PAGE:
Thursday, September 29, 2022

Talkshow Thursday: Welcome BD Lawrence!

Talkshow Thursday: Welcome BD Lawrence!

LM: Thanks for joining me today. Congratulations on your recent publication Killer Redemption. What was your inspiration for the story?

B.D.: Since becoming a Christian in 2000, I’ve had a fascination with redemption. I am also a student of the apostle Paul. I thought who is a modern-day equivalent of Paul? Who is someone that would seem beyond redemption? A hitman. From one perspective, Paul was a hitman. He was sent out to kill and capture Christians. How does a hitman get to redemption? He falls in love with a Christian woman.

LM: Your first book, An Angel and a One-Armed Man is crime fiction. What made you try your hand at a romantic suspense book?

B.D.: First of all, let me clarify. Killer Redemption is what I consider romantic suspense, not necessarily what the market considers. That is, a suspense novel with a romantic element. The romantic suspense I’ve read should be called suspenseful romance, as they tend to be romances with some suspense. Killer Redemption is a crime novel, but the romance between Cora and Hardgrave plays a huge part. It was the juxtaposition of that life of crime Hardgrave has and the Christian life Cora has that was the inspiration.

LM: What sort of research did you have to do for your story, and was there a particular tidbit you knew had to be included?

B.D.: This book didn’t require the same rigor of research that many do. One reason is that I made up
the city the story takes place in. I borrowed that from one of my favorite crime writers, Ed McBain, who has a fictional city that’s similar to New York City in his 83rd precinct novels, but it’s not. Same with my city. It’s similar to Boston, but it’s not. I did have to do research on jazz artists, guns, police / FBI procedure.

LM: You’ve written more than two dozen short stories. How was the process of writing a full-length novel different? The same? Do you find one easier than the other?

B.D.: This is always a fun question to discuss. Many newbie writers ask “how long should this story be?” My answer is that a story is as long as a story needs to be and no longer and no shorter. Therefore, for me, ideas come to me and I plot them out in my head. This tends to dictate what the story is, short story, novella, novel. The big difference in the process for me is for short stories, I write them. From beginning to end. Generally, I don’t need to make notes. I don’t scene them out. I just write them. For a novel, I tend to know the beginning, the ending, and the main characters. Much of the rest evolves. Even ancillary characters pop up as I go. For a short story, I know the characters to start with. For novels, I write 5 – 10 scene outlines ahead. I try not to confine myself too much so that’s why only that many scenes forward.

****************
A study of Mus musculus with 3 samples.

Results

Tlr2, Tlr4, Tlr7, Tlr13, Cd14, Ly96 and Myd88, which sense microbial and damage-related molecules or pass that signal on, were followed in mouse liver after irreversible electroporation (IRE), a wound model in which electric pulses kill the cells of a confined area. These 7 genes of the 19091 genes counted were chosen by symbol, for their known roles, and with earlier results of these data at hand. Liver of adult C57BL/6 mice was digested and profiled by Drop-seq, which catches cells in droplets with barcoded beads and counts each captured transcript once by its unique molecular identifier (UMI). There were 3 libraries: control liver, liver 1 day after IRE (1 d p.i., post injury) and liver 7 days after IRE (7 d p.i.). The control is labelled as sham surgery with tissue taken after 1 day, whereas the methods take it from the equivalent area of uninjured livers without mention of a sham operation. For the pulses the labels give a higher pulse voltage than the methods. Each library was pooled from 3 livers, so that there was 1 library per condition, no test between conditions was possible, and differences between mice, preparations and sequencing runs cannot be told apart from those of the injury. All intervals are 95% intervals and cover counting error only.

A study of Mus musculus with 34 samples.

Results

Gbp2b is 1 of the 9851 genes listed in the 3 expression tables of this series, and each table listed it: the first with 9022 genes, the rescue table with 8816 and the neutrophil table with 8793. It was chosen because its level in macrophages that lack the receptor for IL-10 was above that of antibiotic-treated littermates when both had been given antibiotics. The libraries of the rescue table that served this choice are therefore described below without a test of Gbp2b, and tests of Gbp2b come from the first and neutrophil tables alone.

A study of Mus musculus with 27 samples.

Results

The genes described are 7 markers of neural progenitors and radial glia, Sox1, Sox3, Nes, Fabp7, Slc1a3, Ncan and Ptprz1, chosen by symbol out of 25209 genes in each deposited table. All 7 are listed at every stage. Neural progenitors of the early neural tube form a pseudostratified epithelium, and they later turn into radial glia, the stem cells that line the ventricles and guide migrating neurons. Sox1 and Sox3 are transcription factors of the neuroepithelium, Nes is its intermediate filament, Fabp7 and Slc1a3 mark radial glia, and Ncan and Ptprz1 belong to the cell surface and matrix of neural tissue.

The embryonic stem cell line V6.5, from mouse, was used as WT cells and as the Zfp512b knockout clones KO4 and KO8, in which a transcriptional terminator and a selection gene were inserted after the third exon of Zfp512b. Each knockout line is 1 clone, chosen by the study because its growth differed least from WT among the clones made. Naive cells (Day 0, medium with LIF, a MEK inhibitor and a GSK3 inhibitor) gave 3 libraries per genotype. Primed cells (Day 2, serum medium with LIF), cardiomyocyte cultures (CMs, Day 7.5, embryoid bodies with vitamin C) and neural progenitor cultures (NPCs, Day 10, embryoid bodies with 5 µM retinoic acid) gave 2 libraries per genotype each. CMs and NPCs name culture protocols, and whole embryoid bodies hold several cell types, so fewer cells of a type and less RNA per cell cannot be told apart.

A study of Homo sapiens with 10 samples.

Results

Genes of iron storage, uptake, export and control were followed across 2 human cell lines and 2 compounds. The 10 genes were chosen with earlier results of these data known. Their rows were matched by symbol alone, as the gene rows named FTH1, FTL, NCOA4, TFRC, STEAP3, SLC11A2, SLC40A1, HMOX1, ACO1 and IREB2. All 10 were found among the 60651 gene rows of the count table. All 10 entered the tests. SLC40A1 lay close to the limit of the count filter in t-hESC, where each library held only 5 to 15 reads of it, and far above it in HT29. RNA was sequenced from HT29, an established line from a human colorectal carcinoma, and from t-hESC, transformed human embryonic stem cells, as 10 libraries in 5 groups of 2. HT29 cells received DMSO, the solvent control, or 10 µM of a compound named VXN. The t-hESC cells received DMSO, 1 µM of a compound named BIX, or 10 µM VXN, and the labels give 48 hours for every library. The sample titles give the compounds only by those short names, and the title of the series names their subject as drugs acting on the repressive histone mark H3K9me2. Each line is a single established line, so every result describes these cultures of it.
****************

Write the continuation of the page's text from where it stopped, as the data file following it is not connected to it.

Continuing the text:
LM: What is one thing you wish you could do?

B.D.: Write full-time. I still have a full-time job, so writing doesn’t get the attention I’d like.

LM: What is your advice to fledgling writers?

B.D.: One exercise I learned from a writing workshop instructor that is valuable for new writers is write your story. Now, rewrite it but cut it in half. Then do that again. Finally, do that one more time. Now, you have the essence of your story. This teaches a writer to recognize what is necessary. Another piece of advice is when you get feedback from neutral readers (not your mom, in other words), if one person suggests something, consider it. If more than one, consider it strongly.

LM: What is your next project?

B.D.: I’m working on book two of my One-Armed Detective series. It’s currently called The Coyote and a One-Armed Man. Lefty Bruder and Eileen go to Phoenix to rescue a girl sold into trafficking and end up also trying to save a twelve-year-old Mexican girl sold to a cartel boss.

LM: Where can folks find you on the web?

Twitter: @bdlawrence3. 
About Killer Redemption:

Lyle Hardgrave is a gentleman, a poet, a jazz lover, and a hitman.

And he’s fallen in love with Cora Wilson, who is energetic, unrestrained, passionate, and devout.

Hardgrave is known to the criminal underworld as the Gorgon. See his face. Die. He’s lived a life of anonymity, a life in which he has total control and where emotions are a handicap. Years ago, he chained them and buried them, then threw away the key.

A series of events threatens his anonymity and his control. He’s forced to kill the son of the top mob boss. His best friend, and the only one that knows his identity, disappears. The FBI closes in. The mob hunts him. All part of the lifestyle he’s chosen.

Except, there’s Cora Wilson. She fills a void he’s ignored for decades. Cora possesses the key to his shackled emotions. One by one she unlocks them. But Cora doesn’t know Hardgrave’s secret. Hardgrave must choose. Leave his criminal life or leave Cora. Even if he chooses Cora, will she accept who he really is? Can he have love from this amazing woman and find redemption from his past? Lyle Hardgrave battles organized crime, the FBI, and unchained emotions to keep himself and the love of his life alive.